While American soccer fans lament that Team USA didn’t qualify for World Cup play for the first time since 1986, they’ve still got plenty of interest in the tournament.
Some of those fans shared their disappointment, enthusiasm and predictions during a U.S. Major League Soccer match at New York’s Yankee Stadium last Saturday. New York City and Atlanta United ultimately ended with a 1-1 tie.
Die-hard soccer fan Adam Swift, wearing a white jersey with a U.S. team logo, woefully recalled Team USA’s elimination from 2018 FIFA World Cup contention last October. It lost to Trinidad and Tobago, 2-1.
“When we lost, it was like a family member had died,” said Swift, who’d come from the neighboring state of New Jersey to cheer on the New York City team. “And every day I thought about it a little less, and I kind of slowly accepted it.”
With the start of World Cup play, “now I wake up and I am really excited — but there is always a little bit of pain that we didn’t make it,” Swift said. He also was “very surprised that Ghana collapsed, because as a U.S. fan, that is one of our big rivals.”
He’s rooting for Sweden and Peru, but thinks France will win because its “team is just so stacked. And their jerseys are very good looking.” Then again, he thinks Nigeria “could finish” on top. “So I am excited.”
Joe Lomonaco, at the game with his brother Felix, said he was sorry the U.S. team wasn’t in the World Cup because its participation might lead more Americans to embrace the sport. A Gallup poll released early this year indicated soccer is the favorite spectator sport of just 7 percent of American adults — not much lower than baseball (9 percent) but dwarfed by American-style football (37 percent).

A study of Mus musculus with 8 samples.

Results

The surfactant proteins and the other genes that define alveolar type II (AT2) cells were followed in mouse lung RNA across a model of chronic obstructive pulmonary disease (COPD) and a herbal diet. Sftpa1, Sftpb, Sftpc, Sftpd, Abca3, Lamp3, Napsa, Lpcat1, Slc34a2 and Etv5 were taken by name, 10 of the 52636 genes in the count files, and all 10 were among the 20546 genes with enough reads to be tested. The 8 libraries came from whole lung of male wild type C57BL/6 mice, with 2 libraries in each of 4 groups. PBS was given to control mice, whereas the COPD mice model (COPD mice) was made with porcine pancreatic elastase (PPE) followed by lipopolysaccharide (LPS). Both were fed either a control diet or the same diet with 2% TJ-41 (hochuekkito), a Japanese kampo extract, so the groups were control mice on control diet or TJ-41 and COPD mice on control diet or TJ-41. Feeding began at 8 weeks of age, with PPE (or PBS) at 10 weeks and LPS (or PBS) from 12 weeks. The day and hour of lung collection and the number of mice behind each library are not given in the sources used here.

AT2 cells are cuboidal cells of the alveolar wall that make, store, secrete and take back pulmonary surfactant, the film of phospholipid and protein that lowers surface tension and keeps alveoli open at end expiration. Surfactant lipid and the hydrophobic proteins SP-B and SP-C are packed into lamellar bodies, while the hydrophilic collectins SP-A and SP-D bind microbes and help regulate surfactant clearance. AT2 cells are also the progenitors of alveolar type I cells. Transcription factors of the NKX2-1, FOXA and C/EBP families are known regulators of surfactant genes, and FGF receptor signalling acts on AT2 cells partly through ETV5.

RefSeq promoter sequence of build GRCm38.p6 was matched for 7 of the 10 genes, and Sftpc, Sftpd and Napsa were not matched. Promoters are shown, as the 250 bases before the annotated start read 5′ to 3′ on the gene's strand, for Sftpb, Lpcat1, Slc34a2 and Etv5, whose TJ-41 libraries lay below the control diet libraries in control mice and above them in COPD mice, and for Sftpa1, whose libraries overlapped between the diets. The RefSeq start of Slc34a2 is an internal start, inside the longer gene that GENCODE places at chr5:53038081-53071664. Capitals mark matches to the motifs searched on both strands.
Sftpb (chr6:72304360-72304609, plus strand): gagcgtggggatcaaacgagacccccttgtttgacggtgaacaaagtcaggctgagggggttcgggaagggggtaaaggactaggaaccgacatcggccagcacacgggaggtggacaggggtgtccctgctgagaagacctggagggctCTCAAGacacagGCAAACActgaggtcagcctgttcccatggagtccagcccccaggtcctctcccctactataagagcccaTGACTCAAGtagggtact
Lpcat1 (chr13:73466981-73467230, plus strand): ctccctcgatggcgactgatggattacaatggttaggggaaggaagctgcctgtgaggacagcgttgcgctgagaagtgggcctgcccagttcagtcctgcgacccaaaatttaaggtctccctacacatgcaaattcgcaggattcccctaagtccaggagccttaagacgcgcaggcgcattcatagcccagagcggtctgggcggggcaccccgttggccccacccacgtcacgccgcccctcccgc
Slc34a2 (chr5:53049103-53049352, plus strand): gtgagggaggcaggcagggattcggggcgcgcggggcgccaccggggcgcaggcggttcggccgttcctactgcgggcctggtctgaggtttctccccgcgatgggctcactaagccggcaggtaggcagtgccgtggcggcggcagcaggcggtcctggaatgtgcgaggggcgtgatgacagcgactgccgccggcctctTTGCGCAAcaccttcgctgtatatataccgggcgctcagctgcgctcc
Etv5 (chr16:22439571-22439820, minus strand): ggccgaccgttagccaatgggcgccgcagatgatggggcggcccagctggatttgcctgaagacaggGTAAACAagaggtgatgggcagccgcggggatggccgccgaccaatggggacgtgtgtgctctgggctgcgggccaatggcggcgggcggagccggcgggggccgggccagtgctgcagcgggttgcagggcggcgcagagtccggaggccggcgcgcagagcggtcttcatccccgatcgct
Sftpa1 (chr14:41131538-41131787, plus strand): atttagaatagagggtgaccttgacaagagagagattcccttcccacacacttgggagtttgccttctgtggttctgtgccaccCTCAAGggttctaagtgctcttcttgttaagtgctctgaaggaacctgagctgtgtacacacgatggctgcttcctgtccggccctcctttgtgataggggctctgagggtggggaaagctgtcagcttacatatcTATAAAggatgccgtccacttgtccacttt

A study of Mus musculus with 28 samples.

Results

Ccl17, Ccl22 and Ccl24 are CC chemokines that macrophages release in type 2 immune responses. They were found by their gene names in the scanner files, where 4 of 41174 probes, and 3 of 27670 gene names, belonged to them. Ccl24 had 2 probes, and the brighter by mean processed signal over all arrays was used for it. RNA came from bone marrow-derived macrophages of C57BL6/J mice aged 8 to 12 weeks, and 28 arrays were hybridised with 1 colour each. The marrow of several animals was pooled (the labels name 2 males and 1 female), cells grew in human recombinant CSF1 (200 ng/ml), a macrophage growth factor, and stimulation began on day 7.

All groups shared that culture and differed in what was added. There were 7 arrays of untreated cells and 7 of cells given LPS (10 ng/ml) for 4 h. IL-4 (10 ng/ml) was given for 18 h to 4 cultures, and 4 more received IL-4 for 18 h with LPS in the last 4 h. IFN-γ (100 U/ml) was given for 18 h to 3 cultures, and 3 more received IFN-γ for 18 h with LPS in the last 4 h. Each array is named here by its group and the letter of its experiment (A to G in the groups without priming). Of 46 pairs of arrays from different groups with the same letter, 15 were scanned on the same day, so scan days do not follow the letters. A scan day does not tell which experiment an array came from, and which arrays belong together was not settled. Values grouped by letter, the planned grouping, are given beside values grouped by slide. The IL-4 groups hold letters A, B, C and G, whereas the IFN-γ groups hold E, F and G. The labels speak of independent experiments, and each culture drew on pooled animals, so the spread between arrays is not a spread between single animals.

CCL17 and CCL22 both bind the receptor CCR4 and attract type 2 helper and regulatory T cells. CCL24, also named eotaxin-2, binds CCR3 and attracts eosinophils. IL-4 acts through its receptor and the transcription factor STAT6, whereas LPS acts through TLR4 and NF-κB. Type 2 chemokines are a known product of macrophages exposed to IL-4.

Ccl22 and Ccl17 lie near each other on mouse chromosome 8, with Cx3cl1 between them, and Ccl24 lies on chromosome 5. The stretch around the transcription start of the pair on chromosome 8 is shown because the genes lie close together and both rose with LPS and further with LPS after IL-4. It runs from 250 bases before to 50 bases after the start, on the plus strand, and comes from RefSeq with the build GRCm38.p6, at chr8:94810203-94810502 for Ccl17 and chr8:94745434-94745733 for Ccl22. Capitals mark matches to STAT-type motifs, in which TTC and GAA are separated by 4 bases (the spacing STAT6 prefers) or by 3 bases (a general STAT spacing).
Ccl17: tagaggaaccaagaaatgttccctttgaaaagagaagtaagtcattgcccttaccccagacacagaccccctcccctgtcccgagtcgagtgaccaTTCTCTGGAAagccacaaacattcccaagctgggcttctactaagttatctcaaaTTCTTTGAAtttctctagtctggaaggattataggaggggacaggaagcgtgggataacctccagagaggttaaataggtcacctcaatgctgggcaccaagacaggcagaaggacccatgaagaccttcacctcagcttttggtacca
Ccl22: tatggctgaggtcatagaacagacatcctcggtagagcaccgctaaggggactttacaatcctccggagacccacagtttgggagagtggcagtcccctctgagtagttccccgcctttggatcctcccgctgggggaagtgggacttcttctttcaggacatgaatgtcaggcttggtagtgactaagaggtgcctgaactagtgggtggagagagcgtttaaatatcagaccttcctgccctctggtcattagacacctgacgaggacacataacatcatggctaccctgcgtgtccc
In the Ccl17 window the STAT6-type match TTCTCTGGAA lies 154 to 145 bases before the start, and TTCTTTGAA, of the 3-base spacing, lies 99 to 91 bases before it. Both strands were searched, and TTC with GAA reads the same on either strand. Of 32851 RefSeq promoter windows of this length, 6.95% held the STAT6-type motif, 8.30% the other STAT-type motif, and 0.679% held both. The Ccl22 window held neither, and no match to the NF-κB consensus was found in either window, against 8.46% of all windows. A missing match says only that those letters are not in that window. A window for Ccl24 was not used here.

Still, “for people who are true fans, [having your national soccer team disqualified] doesn’t really matter because you love the game and there are so many great teams in the world,” Joe Lomonaco said.
Lomonaco said he “normally would root for Italy” as well as the Netherlands. But neither team qualified to play.
Enthusiasm for Egypt
The Lomonaco brothers were enthusiastic about Egypt, which last participated in the World Cup in 1990.
“They have a great player in [star forward] Mohamed Salah, who plays in the English Premier League,” Joe Lomonaco said.
“I like him because he is a tricky player, in the sense that you can’t tell if he is going to cross the back,” Felix Lomonaco chipped in. “He ends up … scoring a lot of excellent shots, too.”
A shoulder injury kept Salah off the field for Egypt’s opening match on Friday. It lost to Uruguay, 1-0, but still has two more matches.
Salah’s is a household name in Astoria, Queens, a New York neighborhood where many Egyptian-Americans live and so does Nick Shahin. But for this World Cup, Shahin’s loyalty lies with Germany.
“It’s just the depth they have in their team,” he explained. “If somebody gets injured … they have somebody to replace them. And then if Germany doesn’t win it, I have Brazil and France in a tie.”
‘Nobody to root for’
A soccer fan who gave her name only as Ingrid revealed she has divided loyalties, too. She describes herself as American, and “my parents are Ecuadoran.” she said. Ecuador did not qualify for the Cup.
“So I have nobody to root for. I was very disappointed,” Ingrid said. “My brother and my father, they are really big soccer fans. I’ve always come to games with them. … It’s a family thing, yeah.”
For Ian Tanguy of Dallas, Texas, soccer fandom is not a family thing, it’s an “excellence versus mediocrity thing,” he said.
“I’m disappointed the U.S. didn’t get there. But they didn’t deserve it this year. They weren’t good enough,” Tanguy said. “I’m excited to see Mexico and Germany.”
He said he appreciates the World Cup as the only international competition “that all nations across the world can unify around.”